Uses for "Scantron" machines outside of education?

Scantrons are a staple of educational technology - and are still with us in the digital age.

Does anyone use a scantron machine outside of education?

It’s a type of optical mark recognition reader that used to be more common. Other electronic devices have minimized their use. I don’t know any particular use outside of education right now, but they were once in use for taking orders in restaurants and similar retail applications, and for conducting surveys.

When I lived in Madison, Wisconsin in the mid-90s they went from the mechanical “pull the lever” style voting machines to Scantron-style paper ballots. All of this was before the 2000 hanging-chad electionpocalypse. Where I live in San Antonio now the voting machines are the no-paper-trail touch screen style machines. Anyone still using Scantron sheets to vote?

There areoptical scan voting systems.

Good point. We use those, totally forgot.

Illinois still uses an optical reader, “fill in the dot” style ballot. I suppose it gives a quick vote tally but also provides a paper backup versus purely electronic voting.

It also depends on how broadly you define “education”. A workplace might use them in a training program, for instance, in much the same way that a school does: Does that count as “education”?

It’s frankly the best voting method - easy, accurate, & audit-able (solid paper trail).

Before the internet became more widely accessible (mid-90’s) I participated in a broad NCAA tournament pool that used scantron to enter your picks. There were about 5,000 entries into this particular office pool at $20 a pop. Total pool was around $100,000, paid out to the top 20 winners, with the top winner getting about $25,000. Sadly I never made it into the top 20. One year made it to 25th place.

Pretty sure many state lottery forms are optical mark recognition readers today.

We’ve used them at political party endorsing conventions to vote on party platform planks.
But this is partly because the conventions are often held in schools, and we have access to their scantron machines.

(By the way, those ‘answer’ forms that are used in the machines are extremely expensive! Probably because the company has a monopoly on them, and can charge whatever prices they wish.)

I’m sure the cost has more to do with the fact that you don’t want an extra thousand of them to accidentally end up in the public’s hands. That means a very high level of security to verify production, storage, sales and disposal numbers. You’re not paying for paper; you’re paying for internal controls and audits.

I know that Optical Mark Recognition(OMR)* is the the preferred method for scoring the MMPI (as opposed to manual scoring). Here are some other uses, and some more (click on “Solutions”).

*Basically, Scantron is to OMR what Kleenex is to facial tissues.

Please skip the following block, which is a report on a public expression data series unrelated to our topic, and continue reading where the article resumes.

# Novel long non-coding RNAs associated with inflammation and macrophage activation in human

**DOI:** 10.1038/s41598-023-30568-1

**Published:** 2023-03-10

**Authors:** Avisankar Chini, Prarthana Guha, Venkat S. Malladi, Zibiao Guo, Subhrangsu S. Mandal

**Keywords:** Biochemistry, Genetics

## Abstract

Huh. Must vary by district. At the very least, the last couple elections I voted in here in Chicago were electronic, but I seem to recall being given a choice in either 2010 or 2008.

Here in Metro Detroit the election polls use some sort of optical recognition of a marked paper ballot. Like others, I don’t understand why it’s not the de facto standard, as it leaves a perfect audit/recount trail, but can still be read initially electronically.

Why not? They aren’t anything special, just a printed answer sheet to be filled in by pencil. I’ve got half a box of leftovers sitting out in my garage.

I don’t recall any of that.

I just called them up and ordered the ones we needed, and they mailed them out. The only checking they did was about our credit. Heck, now you can buy them online via Amazon.

I think the only " internal controls and audits" are checks on their company profits.

You just gave the reason – “it leaves a perfect audit/recount trail”. There are people/organizations who don’t want that.

Plus the other kinds of machines let those in power play games: since you need a machine to vote, send plenty of machines to the precincts which mostly vote for your party, but only a few to the precincts where the residents vote for the other party. Thus there are long waiting lines there, and people leave rather than wait hours to vote. You can’t do that with the optical scan machines; all you need to vote is the ballot and a pen/pencil*, you can’t under-supply certain precincts to force long waiting lines.

*Not even electricity.
We once had a power failure for a few hours on election day in one of our precincts; people kept right on voting, by candlelight. (The polling place was in a church basement, so there were plenty of candles easily available.)

And there are ;lots of companies who make money selling the other kinds of machines oppose the optical scan machines.

The Army had a bunch of yearly surveys like unit climate surveys that used scantron machines. These are surveys to measure unit morale and command effectiveness. All of these types of surveys may now be internet based but it the change over was relatively recent and I’m not sure if it is complete.

Optical voting is also useful, and used, for absentee ballots or other similar voting by mail.